The CAAF [Weekly] Journal is back up, at least through Aug. 13, 2008. The Aug. 13, 2008 entry brings us a petition grant and summary disposition that should bring out all the Navy AppDef and AppGov’t types to wrangle in the comments about what is and is not meaningful relief, or at least I hope so. Since the summary disposition is, well, summary, I’ll just Jenkins-it instead of summarizing it:
[W]e note that the Court of Criminal Appeals found error in the post-trial processing of the case as a result of a failure to serve the staff judge advocate’s recommendation on Appellant prior to action by the convening authority. See Rule for Courts-Martial 1105(f). The court concluded that the error was prejudicial. Noting that the case had been subject to significant delays, the court concluded that a remand for new action by the convening authority would further delay disposition of the case, and it ordered appropriate relief for the error by approving a sentence that did not include adjudged forfeitures.
We further note that the corrective action ordered by the court below did not modify that portion of Appellant’s sentence that included confinement for two months. In that posture, the corrective action had no actual effect on forfeitures because Appellant’s pay remained subject to automatic forfeitures under Article 58b, [UCMJ]. Under these circumstances, the action taken by the court below did not take the steps necessary to provide Appellant with meaningful relief. . . . Such relief with respect to forfeitures may be provided by approving a sentence that does not include confinement, thereby removing the requirement for automatic forfeitures under Article 58b, UCMJ. Accordingly, it is ordered that said petition is granted on the following issue:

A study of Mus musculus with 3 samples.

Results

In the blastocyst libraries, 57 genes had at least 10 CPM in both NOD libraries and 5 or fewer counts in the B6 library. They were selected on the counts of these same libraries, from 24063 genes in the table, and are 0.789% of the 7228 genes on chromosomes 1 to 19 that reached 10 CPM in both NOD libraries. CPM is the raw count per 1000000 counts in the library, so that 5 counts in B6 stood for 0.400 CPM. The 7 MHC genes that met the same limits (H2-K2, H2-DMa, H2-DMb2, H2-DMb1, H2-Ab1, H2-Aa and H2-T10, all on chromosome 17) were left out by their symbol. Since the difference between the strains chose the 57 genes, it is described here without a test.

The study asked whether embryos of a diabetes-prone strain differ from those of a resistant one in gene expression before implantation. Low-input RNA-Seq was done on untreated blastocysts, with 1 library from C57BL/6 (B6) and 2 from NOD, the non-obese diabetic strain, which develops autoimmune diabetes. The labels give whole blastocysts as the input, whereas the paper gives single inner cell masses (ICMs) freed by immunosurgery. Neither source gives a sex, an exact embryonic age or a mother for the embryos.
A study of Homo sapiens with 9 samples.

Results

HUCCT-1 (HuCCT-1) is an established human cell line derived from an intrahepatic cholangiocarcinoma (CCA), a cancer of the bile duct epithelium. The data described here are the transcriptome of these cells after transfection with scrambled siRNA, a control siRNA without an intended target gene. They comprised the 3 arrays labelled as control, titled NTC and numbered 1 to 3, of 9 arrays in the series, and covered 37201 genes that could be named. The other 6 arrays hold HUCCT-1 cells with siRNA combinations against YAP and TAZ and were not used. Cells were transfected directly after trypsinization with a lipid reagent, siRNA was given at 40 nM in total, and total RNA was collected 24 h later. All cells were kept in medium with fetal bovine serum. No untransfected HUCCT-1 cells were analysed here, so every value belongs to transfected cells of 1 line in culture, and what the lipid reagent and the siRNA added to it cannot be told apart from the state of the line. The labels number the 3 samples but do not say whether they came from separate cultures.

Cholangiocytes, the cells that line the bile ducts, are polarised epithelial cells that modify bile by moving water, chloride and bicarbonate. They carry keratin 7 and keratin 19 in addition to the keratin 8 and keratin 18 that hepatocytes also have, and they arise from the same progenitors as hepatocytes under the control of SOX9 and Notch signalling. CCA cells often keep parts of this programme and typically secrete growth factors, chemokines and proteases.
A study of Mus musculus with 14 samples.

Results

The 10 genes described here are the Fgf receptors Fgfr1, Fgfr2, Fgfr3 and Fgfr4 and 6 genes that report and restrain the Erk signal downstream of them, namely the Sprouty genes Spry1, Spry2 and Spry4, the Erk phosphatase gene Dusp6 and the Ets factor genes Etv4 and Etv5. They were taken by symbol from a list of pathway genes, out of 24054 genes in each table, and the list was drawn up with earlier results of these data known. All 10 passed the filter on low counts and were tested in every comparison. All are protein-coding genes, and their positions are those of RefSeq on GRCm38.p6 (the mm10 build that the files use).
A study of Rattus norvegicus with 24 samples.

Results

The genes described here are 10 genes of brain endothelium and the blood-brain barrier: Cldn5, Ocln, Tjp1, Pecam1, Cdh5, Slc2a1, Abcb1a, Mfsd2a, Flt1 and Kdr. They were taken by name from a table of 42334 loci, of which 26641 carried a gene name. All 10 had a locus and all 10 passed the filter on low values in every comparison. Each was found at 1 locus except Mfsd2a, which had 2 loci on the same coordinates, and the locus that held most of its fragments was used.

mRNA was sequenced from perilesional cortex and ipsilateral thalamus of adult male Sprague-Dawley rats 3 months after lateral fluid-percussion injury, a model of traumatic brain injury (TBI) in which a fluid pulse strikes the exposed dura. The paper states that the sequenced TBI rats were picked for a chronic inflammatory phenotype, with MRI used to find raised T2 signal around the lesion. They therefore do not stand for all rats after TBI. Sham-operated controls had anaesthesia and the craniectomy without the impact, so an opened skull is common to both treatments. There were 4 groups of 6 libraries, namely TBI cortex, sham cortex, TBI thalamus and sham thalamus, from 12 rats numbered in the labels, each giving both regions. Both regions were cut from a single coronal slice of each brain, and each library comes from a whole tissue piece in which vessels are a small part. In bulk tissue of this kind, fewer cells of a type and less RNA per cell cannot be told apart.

WHETHER, AFTER FINDING PREJUDICIAL ERROR, THE LOWER COURT ERRED IN FAILING TO GRANT MEANINGFUL RELIEF.
The portion of the United States Navy-Marine Corps Court of Criminal Appeals decision affirming confinement for two months is reversed and that portion of the sentence is set aside. The remainder of the Navy-Marine Corps Court of Criminal Appeals’ decision, which affirmed the findings and only so much of the sentence as provided for a bad-conduct discharge and reduction to pay grade E-1, is affirmed.
There were also two other grants of note, one of which JO’C should be salivating over and the other is the return of the Loving death penalty writ after a DuBay hearing on an ineffective assistance of counsel at sentencing issue.
No.06-8006/AR. Dwight J. Loving, Petitioner v. United States, Respondent. CCA 19891123. . . . Accordingly, it is ordered that the parties shall file briefs on the following issues:
I. WHETHER THE RECORD OF THE EVIDENTIARY HEARING ORDERED PURSUANT TO UNITED STATES v. DUBAY, 17 C.M.A. 147, 37 C.M.R. 411 (1967), SHOULD BE RETURNED TO THE JUDGE ADVOCATE GENERAL OF THE ARMY FOR REMAND TO THE CONVENING AUTHORITY AND/OR THE ARMY COURT OF CRIMINAL APPEALS FOR REVIEW PRIOR TO REVIEW BY THIS COURT.
II. WHETHER PETITIONER’S WRIT OF HABEAS CORPUS SHOULD ISSUE IN VIEW OF THE FINDINGS OF FACT AND CONCLUSIONS OF LAW ENTERED BY THE MILITARY JUDGE IN THE DUBAY PROCEEDING ON THE QUESTION OF WHETHER THE TRIAL DEFENSE TEAM CONDUCTED A REASONABLE INVESTIGATION INTO POTENTIAL EVIDENCE IN MITIGATION AND PROVIDED EFFECTIVE ASSISTANCE OF COUNSEL AT SENTENCING.
CAAF scheduled the hearing in the Loving case for Oct. 29, 2008 at 9 a.m.
No. 08-0452/AF. U.S. v. Matthew W. GLADUE. CCA 36580. Review granted on the following issue:
WHETHER THE LOWER COURT ERRED WHEN IT FOUND THAT A PROVISION IN APPELLANT’S PRETRIAL AGREEMENT TO “WAIVE ALL WAIVABLE MOTIONS” WAS AN EXPRESS WAIVER THAT BARS APPELLANT FROM ASSERTING ANY CLAIMS OF MULTIPLICITY OR MULTIPLICATION OF CHARGES ON APPEAL.